Originally Posted by ronr48
I purchased the Sharp TV/DVD combo at Sears on 6-16-2007 for $689. Returned it on 6-21-2007, because it was completely unsatisfactory. Low, low sound, poor choice of aspect ratios in SD, long time to come on after turn on, limited menu, etc. The bummer to this whole story, is that Sears charged me a 15% restocking fee of $104. Word of advice, do NOT buy any electronics from Sears. This is the first time I have ever been charged a restocking fee. The Sharp unit was so unsatisfactory for me that I ate the $104 charge, went to another store & upgraded to a Sharp LC-26D43U LCD Tv (no DVD combo). Read the good writeup in Cnet today, where they reviewed the Sharp LC-32D43U unit, same family, but different size. I also bought the Samsung DVD-HD1087P upscaling DVD player. Note this is not a HD player, it just upscales the signal. The LC-26D43U is great, better menu, better sound, no warmup, etc. I am happy I made the change. I have not hooked up the DVD player yet, because the HDMI cable is on order. This is the way I should have gone in the first place, instead of buying a combo unit. Hope this helps you in your decision making.
The restocking fee is not charged if the set is malfunctionning, only if the customer simply changes their mind. Many customers claim a non-existent or intermittent malfunction in order to avoid the fee, and invariably succeed; I applaud your honesty.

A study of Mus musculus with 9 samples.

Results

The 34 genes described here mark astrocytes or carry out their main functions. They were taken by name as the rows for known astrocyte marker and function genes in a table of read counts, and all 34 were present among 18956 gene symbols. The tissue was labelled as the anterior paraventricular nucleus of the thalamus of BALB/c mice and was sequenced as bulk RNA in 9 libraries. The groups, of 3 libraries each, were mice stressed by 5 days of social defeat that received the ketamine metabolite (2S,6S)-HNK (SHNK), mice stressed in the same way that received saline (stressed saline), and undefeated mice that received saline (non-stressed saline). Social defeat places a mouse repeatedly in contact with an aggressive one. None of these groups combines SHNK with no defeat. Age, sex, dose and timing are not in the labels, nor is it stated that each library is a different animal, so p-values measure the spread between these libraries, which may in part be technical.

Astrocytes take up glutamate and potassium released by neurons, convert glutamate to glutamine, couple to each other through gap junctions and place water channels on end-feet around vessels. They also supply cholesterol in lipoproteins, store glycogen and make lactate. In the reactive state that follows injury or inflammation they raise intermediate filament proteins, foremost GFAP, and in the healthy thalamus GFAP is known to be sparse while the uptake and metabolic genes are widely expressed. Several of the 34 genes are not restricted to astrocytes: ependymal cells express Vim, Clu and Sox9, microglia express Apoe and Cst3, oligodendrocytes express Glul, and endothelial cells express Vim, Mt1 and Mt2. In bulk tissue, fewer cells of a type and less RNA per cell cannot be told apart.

I work in the electronics dept. of a large Sears store. We are instructed to make sure the customer is aware of this restocking fee, it's printed on the receipt and we are required to circle the printed statement of the policy in the presence of the customer at time of sale. If you were not made aware of this policy at the time of sale you should have asked to see a manager and explained this and it most probably would not have been imposed.
At the particular store I work at, many items like $29 dvd players are returned simply because the customer ran out of ready cash and needs to get a pizza and a sixpack, or because their kid stomped on it and destroyed it. In the past there was a severe problem with people purchasing $3k big screen tvs in time for the Superbowl and returning them the week afterwards, and we still see this happening from time to time. Then you have the people who want to do an in-home demo of a variety of sets before making a final choice, leaving a trail of heavily discounted open-box tvs in thier wake and raising prices for the rest of us--these forums are infested with these clowns.
It is unfortunate that some retailers have found it necessary to take steps to avoid abuse of formerly liberal return policies, but it's not just Sears doing it as evidenced by Costco's recent change to a 90 day return on tvs.
Many times issues with sets that make them unsatisfactory can be discovered in the store prior to purchase, but not always. Without access to the remote you had no way of checking out the menu feaures and some of your other complaints and in stores the remote is not always available to check these things out.
I am not by any means trying to lump you in with the return policy abusers, you are not one of them but you are indirectly one of their victims.